Myanmar: "HIV/AIDS is still a taboo subject"

Dr Calorine MEKIEDJE specialises in the treatment of HIV/AIDS and has worked in Mozambique and Cameroon, among other places. She talks about her experience as a medical advisor at the Dawei clinic in the south of Myanmar, where MSF has been treating patients infected with HIV/AIDS and co-infected with tuberculosis (TB) since 2000.

Can you describe the main activities of the Dawei clinic?
Calorine Mekiedje: The teams carry out between 80 and 90 consultations a day, sometimes 100. We offer free treatment as well as diagnoses and voluntary testing for HIV/AIDS and TB. We also have a programme for the prevention of mother-to-child transmission of HIV/AIDS. There are about 3,000 HIV positive patients and an average of 30 to 40 new patients on antiretroviral drugs (ARVs) a month. Very few treatments are available in Myanmar, and patients sometimes come from far away because they’ve heard that we offer care and treatment for HIV/AIDS. We also give HIV positive patients food support which includes soya, salt, oil and beans.

Has your experience in Myanmar been very different to your experience in Africa?
I was surprised to see how little is known about HIV/AIDS here. The situation is different in Africa, where prevalence rates are levelling off but people really know about the disease. Here, there’s still a lot of ignorance about HIV/AIDS and, consequently, fear of stigmatisation.  Here there is quite a traditional and religious society, where people don’t talk readily about their personal and sex lives. It’s a taboo subject. In this context, it’s difficult to talk openly about the disease. When there’s a low awareness and understanding of the disease and how it’s transmitted, there is a risk that prevention will be delayed and there will be exponential growth in the number of new infections.

What is the objective of the Dawei programme?
The main objective is to offer free, good-quality care and treatment, but also to encourage people who have just found out they’re HIV positive and think their lives are over. To avoid feelings of guilt, we don’t focus on the origin of their infection but on the options they have for looking after themselves and protecting their families. Our aim is to improve their understanding of the disease and how it’s transmitted, and let them know that treatment is available. The fact that there’s still a lot of ignorance about the disease is a challenge in itself.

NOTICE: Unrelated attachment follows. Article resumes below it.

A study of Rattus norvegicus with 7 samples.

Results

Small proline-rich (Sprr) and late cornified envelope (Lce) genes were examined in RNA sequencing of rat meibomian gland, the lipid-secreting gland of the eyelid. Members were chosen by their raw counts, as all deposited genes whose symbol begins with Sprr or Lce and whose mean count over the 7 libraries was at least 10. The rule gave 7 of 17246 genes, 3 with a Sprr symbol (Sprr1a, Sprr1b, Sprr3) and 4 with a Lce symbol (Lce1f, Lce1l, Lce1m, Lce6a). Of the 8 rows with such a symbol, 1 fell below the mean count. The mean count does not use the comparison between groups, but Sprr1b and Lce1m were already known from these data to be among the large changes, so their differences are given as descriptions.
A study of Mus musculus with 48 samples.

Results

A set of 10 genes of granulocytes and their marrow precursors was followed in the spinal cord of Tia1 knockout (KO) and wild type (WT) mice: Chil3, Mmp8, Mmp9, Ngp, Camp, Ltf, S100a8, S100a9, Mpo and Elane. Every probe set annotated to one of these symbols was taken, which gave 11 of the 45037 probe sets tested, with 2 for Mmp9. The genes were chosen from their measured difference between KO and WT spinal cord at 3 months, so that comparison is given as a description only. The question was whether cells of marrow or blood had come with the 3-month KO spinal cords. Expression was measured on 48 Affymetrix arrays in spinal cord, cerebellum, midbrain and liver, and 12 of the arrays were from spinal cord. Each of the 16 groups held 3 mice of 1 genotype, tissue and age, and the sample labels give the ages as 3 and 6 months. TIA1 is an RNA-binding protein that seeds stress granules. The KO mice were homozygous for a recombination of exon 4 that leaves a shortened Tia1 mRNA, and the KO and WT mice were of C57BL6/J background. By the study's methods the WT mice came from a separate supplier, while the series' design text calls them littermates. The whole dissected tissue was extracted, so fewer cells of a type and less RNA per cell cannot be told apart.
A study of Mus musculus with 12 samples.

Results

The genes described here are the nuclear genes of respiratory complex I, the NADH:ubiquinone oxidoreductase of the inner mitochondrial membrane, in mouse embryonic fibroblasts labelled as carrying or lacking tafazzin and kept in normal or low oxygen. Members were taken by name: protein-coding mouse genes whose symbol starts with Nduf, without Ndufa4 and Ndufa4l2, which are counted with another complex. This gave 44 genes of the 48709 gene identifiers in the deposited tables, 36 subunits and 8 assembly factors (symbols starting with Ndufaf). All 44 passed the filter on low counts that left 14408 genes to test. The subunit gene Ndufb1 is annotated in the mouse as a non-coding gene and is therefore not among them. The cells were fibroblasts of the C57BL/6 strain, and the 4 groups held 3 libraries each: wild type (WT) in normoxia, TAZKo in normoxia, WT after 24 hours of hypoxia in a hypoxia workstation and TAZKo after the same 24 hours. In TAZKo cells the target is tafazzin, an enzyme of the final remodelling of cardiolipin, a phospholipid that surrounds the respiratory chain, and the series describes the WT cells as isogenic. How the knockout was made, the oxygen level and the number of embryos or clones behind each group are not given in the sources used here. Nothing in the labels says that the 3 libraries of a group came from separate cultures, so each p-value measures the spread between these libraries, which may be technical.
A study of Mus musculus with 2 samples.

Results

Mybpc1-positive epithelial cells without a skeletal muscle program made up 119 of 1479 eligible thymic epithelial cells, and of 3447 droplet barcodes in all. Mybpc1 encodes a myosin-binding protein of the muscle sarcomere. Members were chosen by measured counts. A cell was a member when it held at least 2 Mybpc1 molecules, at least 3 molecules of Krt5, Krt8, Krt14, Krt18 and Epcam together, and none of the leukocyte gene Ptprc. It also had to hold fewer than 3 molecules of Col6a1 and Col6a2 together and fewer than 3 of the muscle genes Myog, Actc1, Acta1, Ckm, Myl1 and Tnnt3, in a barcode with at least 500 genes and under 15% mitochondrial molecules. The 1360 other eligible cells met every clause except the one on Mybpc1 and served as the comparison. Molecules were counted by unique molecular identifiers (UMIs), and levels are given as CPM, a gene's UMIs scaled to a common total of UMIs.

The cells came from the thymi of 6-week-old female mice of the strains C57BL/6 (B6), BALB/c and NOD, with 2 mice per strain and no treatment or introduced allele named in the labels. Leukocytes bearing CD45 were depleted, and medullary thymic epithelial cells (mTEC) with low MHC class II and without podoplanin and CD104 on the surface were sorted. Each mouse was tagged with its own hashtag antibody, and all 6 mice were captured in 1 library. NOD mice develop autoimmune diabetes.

In your opinion, what makes this project unique?
It’s the fact that we’re offering care to a very mobile population: fishermen and poor migrants with little or no education. Time between appointments is long because people come from far away and then go away again for long periods.

Under normal circumstances, patients should come back every two or three months, but in our context, once the tests have been completed, patients might return to the clinic once every six months. They work in Malaysia or Thailand and are the only source of income for their families. In the fishing season, they set off in boats where they live for up to six or seven months. We give them the necessary drugs to cover the period of absence and monitor them regularly while they’re back home.

What have you gained from this experience, professionally and personally?
It’s very gratifying to see how grateful the patients are for the care and attention we give them. Our input isn’t only medical, it also consists of moral support, as many of the patients are having a hard time and have lost their hope in life. Seeing them regain their confidence and strength is really rewarding. From a professional point of view, as a medical advisor, I’ve gained an overall perspective that I didn’t have before when I was a doctor in a clinic.

On a personal level, it’s been a real learning process. I’m a naturally patient person and, here, I feel as though I’ve found my cousins. The people are calm and never complain. They just get on with it and I like that philosophy.